According to the Indiana Housing and Community Development Authority, most of the approximately 300 settlement conferences that happened between July and December 2009 were unsuccessful because one or both parties weren’t prepared. As a result, the secure online portal was created.

St. Joseph and Marion counties and Indianapolis law firm Feiwell & Hannoy P.C. will be the first to use the portal during a pilot phase. Indiana trial courts, housing counselors with the Indiana Foreclosure Prevention Network, and lender attorneys will have access to the secure network. Eventually the network will be used by lenders, borrowers, and law firms around Indiana. The goal is to get other counties and default law firms on the portal by Aug. 1, 2011.

The system also automatically tracks the status of every file so that a record of foreclosures can be viewed by stakeholders. The pilot project is paid for by a $25 filing fee to Default Mitigation Management LLC, which created the portal, for use of it. DMM owns and operates the portal.

The aim of the new portal is to build on the success of the coordinated settlement conferences and facilitate the exchange of necessary documents with the goal that mediation resolutions will happen in less time.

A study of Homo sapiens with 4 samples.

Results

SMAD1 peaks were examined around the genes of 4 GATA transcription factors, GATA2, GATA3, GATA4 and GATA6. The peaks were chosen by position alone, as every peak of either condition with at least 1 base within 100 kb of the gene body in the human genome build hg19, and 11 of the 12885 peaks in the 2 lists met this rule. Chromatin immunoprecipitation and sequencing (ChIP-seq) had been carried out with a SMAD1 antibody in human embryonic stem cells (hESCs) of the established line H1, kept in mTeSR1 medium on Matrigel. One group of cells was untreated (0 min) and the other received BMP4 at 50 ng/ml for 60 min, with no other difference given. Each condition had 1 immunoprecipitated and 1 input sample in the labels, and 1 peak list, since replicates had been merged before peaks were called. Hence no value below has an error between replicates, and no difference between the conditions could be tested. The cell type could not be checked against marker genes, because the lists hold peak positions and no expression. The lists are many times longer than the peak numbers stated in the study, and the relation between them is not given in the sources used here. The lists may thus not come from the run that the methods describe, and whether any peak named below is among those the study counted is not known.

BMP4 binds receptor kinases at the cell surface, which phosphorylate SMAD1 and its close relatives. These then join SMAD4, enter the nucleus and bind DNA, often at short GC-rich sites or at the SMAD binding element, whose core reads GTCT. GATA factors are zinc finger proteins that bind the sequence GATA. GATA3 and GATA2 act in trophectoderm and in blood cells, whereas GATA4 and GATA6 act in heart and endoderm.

2. What is this, the Ind Supreme Court thinking that there is a separation of powers and limited enumerated powers as delegated by a dusty old document? Such eighteen century thinking, so rare and unwanted by the elites in this modern age. Dictate to us, dictate over us, the massess are chanting! George Soros agrees. Time to change with times Ind Supreme Court, says all President Snows. Rule by executive decree is the new black.

  3. I made the same argument before a commission of the Indiana Supreme Court and then to the fedeal district and federal appellate courts. Fell flat. So very glad to read that some judges still beleive that evidentiary foundations matter.

  4. KUDOS to the Indiana Supreme Court for realizing that some bureacracies need to go to the stake. Recall what RWR said: "No government ever voluntarily reduces itself in size. Government programs, once launched, never disappear. Actually, a government bureau is the nearest thing to eternal life we'll ever see on this earth!" NOW ... what next to this rare and inspiring chopping block? Well, the Commission on Gender and Race (but not religion!?!) is way overdue. And some other Board's could be cut with a positive for State and the reputation of the Indiana judiciary.

  5. During a visit where an informant with police wears audio and video, does the video necessary have to show hand to hand transaction of money and narcotics?